Port roundup: Röki, Jumanji: The Video Game & Backbone

It’s all about next gen this time, as we take a look at three titles that were recently ported over to the PlayStation 5. Here are Röki, Jumanji: The Video Game and Backbone.

Röki (PS5)

Röki launched on Steam over a year ago, but was recently ported to the PlayStation 5 and the latest generation of Xbox consoles – bringing this beautiful and critically acclaimed game from Polygon Treehouse to a wider audience.

Where a game like Röki excels is in its excellent audiovisual storytelling, with a touching narrative and a gorgeous visual style. It tells the story of a young girl called Tove who is taking care of her brother Lars after the death of their mother. The father is still around, but he’s so devastated that everything falls on Tove’s shoulders.

Before long, Tove seeing a bunch of ravens proves to be a bad omen, and Lars goes missing. What follows is your quest to find him, which takes you on a journey through Nordic folklore past ancient spirits, trolls, and through snow-filled locations – all realized with wonderful artwork that has a storybook quality to it. That storybook quality also translates to the story itself, with deals with tragic loss and family bonds as it tugs on heartstrings and delights at the same time.


The PS5 port of Röki features crisp 4K graphics for screens that support it, though the visual style doesn’t benefit greatly from the leap to next gen. It doesn’t need to either – this one was gorgeous to begin with and its relatively low-detail graphics don’t need a next gen powerhouse to fuel them. It’s the other way around – these next gen systems needed a beautiful game like this to keep players warm during the cold season.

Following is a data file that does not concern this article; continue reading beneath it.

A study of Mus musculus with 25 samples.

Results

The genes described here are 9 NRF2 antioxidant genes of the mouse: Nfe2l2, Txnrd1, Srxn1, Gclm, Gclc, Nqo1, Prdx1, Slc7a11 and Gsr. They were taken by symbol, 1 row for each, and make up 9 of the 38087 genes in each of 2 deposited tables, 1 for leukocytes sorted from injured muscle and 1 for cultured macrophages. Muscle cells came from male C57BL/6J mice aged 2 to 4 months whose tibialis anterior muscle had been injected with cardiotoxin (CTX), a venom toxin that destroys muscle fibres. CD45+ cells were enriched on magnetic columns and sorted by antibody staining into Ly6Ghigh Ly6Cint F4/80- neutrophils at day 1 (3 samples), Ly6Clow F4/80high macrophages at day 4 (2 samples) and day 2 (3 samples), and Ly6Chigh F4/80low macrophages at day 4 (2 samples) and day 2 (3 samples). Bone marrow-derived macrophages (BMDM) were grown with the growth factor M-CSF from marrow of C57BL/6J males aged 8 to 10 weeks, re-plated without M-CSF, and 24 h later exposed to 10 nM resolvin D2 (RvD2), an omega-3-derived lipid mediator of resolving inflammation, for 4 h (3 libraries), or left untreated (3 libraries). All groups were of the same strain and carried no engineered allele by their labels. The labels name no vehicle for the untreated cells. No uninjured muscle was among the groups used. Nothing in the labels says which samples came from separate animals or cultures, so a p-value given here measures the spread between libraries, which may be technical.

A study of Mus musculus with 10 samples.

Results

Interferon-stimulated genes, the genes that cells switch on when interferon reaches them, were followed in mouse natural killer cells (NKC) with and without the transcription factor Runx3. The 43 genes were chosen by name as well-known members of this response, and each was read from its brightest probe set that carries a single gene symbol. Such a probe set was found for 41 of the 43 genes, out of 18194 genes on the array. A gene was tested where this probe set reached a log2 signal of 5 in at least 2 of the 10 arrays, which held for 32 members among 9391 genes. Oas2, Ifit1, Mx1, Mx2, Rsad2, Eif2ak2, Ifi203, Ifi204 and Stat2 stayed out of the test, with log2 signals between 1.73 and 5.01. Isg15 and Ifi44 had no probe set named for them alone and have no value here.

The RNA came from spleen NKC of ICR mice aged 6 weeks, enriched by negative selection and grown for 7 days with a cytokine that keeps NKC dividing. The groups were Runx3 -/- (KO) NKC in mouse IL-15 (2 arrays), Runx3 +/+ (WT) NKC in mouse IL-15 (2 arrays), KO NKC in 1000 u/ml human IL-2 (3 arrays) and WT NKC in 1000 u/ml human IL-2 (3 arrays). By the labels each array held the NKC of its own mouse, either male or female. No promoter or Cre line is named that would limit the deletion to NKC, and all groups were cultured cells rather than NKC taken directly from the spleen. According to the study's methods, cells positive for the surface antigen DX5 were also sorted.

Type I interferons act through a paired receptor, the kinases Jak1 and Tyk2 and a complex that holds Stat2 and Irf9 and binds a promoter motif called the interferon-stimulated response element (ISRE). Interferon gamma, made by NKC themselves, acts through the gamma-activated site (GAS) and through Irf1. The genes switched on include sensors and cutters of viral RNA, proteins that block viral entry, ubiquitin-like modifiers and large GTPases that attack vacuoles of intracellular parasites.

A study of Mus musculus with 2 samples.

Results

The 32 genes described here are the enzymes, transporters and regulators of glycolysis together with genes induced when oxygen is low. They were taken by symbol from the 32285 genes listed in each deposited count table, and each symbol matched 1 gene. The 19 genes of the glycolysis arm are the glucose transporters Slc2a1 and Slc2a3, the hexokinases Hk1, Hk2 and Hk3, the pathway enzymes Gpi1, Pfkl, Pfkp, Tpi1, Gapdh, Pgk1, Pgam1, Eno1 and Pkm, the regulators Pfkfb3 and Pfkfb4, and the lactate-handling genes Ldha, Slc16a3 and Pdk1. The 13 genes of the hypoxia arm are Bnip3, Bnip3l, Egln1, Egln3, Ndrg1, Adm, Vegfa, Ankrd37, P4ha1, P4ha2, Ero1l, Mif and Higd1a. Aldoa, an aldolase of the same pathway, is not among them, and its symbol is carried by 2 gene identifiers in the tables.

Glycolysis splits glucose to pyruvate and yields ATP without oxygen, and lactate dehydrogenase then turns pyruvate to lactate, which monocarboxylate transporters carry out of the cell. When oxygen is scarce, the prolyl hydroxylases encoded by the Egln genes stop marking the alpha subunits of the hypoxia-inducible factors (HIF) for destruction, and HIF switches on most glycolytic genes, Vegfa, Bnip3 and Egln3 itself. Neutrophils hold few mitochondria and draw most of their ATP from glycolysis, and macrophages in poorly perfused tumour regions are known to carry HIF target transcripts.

Jumanji: The Video Game (PS5)

Well, this one was certainly unexpected, but Outright has released a next gen version of Jumanji: The Video Game. The original version of the game launched about two years ago on the PlayStation 4 and all other major consoles of the time, as well as PCs – but the next gen edition is exclusive to the PS5.


To be fair – the launch alongside the movie probably didn’t help there. Jumanji’s biggest problem is that the game is extremely formulaic, and doesn’t feature a proper story – either original or tied to the movies. Instead, objective-based gameplay sees you chasing after artifacts to charge obelisks and open doors while fighting off enemies. You get to do this with the four main cast members of the movies, but aside from that it’s all pretty generic stuff that you wouldn’t recognize as Jumanji.


Backbone (PS5)

When we first saw Backbone, it looked like a 2D pixel art version of what Blacksad: Under The Skin had done in 2019 – a detective noir story with anthropomorphic characters playing the main parts. For that reason alone we were intrigued, and now that publisher Raw Fury had the game ported to consoles we played it on a PS5.

Backbone does indeed start off as a typical film noir detective story – though with animals as the main characters. You’re a private investigator called Howard, who also happens to be a raccoon. In typical detective fashion, you set out to investigate an alleged affair, only to stumble onto something far bigger and more sinister. The writing’s solid, and the characters are interesting, so this is a game that will immediately grab you if you’re a fan of old detective stories.


There are a few unexpected twists in Backbone as well, like the ability to duck away for a bit of stealth, which is a nice touch of immersion in between all the dialogues. The story itself also takes a few interesting turns, especially later on in the story, which took about six hours to complete on our first playthrough. The writing is consistently good, and the audiovisual style fits the narrative well with its atmosphere-rich locations and jazz soundtrack. It’s a shame that the game isn’t voiced though, as I would have loved to hear some of the old fashion narration that goes with the noir detective classics of old. Nevertheless, film noir-inspired games are a rare breed and this is an example well worth playing as it gets the mood right and has a story that’s well written.